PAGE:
Experts suggest that Hegic, a decentralized options trading protocol, might soon face an SEC investigation for suspected insider trading. The protocol recently executed a buyback of one of its subsidiary projects, but it later emerged that Hegic had made millions from this buyback. However, there is one potential complication: Hegic’s founder is known only by a pseudonym.

Hegic, launched in 2020, was the first on-chain, peer-to-pool options trading protocol. Pseudonymous founder Molly Wintermute developed this pioneering protocol, eliminating the order book and enabling users to trade options with pools. This innovation mirrored what Uniswap achieved in decentralized trading but for options.

Within months of launching, Hegic’s market capitalization soared, initially exceeding $200 million. However, it has since declined, partly due to the bear market and partly because options are, in general, less popular among crypto traders.

Following the launch of Hegic, Wintermute introduced another project named Whiteheart, which had its own token, WHITE. Whiteheart aimed to simplify hedging for traders who were unfamiliar with options trading. It utilized a system of Ethereum smart contracts to facilitate automatic hedging.

Despite all efforts, Whiteheart has seen minimal usage, so Wintermute decided to discontinue it and, at the end of November, announced a buyback of WHITE tokens for all holders.

…Consequently, the decision was made to close the project permanently. All funds raised will be returned to tokenholders at the IBCO price (1 $WHITE ≈ 1.708 $WETH).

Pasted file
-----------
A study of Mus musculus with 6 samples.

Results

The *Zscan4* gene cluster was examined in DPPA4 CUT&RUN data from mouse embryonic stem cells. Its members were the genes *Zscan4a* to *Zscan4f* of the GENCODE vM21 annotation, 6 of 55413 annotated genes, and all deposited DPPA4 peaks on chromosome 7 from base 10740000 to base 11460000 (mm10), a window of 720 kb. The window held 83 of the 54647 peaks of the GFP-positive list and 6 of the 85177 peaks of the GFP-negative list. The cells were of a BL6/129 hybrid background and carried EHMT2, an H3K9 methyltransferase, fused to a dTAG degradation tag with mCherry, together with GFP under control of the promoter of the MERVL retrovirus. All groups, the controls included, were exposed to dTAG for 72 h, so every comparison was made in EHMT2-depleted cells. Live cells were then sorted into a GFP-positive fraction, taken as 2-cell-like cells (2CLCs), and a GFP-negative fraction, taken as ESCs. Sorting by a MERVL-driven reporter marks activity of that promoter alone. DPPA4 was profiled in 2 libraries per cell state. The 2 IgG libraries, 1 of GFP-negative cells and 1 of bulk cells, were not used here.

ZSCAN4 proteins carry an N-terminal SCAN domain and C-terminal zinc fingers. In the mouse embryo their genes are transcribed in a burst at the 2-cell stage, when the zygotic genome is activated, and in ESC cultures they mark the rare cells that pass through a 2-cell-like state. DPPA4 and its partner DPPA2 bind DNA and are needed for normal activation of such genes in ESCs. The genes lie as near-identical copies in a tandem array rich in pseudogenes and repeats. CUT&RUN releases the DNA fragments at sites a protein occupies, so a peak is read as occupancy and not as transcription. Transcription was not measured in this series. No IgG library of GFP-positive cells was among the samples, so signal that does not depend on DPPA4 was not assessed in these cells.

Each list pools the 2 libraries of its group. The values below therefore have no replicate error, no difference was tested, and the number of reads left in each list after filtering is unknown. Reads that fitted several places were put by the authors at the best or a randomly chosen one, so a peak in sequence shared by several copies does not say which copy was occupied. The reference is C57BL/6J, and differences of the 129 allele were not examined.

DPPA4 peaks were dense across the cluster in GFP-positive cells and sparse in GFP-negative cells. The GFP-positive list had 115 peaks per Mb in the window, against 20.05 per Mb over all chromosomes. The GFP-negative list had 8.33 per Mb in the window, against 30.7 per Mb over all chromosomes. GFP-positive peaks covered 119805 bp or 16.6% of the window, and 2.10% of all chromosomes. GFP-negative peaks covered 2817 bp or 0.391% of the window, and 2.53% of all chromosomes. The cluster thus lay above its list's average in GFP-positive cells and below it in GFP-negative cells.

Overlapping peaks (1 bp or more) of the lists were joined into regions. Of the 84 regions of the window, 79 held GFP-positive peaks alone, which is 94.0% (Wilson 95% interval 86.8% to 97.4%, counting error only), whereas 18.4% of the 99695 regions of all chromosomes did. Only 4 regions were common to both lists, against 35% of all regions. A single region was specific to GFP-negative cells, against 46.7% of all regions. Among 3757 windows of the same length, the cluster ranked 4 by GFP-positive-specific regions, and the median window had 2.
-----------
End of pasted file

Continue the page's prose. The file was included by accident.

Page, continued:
The announcement led to a significant surge in the WHITE token's price, which increased by 17 times. However, it was later revealed that Hegic’s treasury, independent from Whiteheart’s, had acquired nearly a third of the WHITE token supply just three days before the shutdown announcement. 

Experts have labeled this a clear case of insider trading. When executives at publicly traded companies are aware of impending market-moving events, they are prohibited from trading based on that information before it is public.

Yet, this situation presents challenges for any potential SEC investigation. Given that the person or persons behind Molly Wintermute remain entirely anonymous, it becomes a complex task to locate or charge her/them with any violation of securities law. Furthermore, Hegic and Whiteheart are not structured as traditional corporations, meaning that conventional rules do not directly apply in this context. 

It is also improbable that the U.S. will sanction Hegic as it did Tornado Cash, given that Hegic is not implicated in laundering illegal funds. So, while this might be a clear case of insider trading, it remains to be seen whether U.S. officials will decide to investigate further. 

This situation highlights the continuing uncertain nature of crypto, where such 'insider trading' can still occur quite openly, even with recent regulations in place.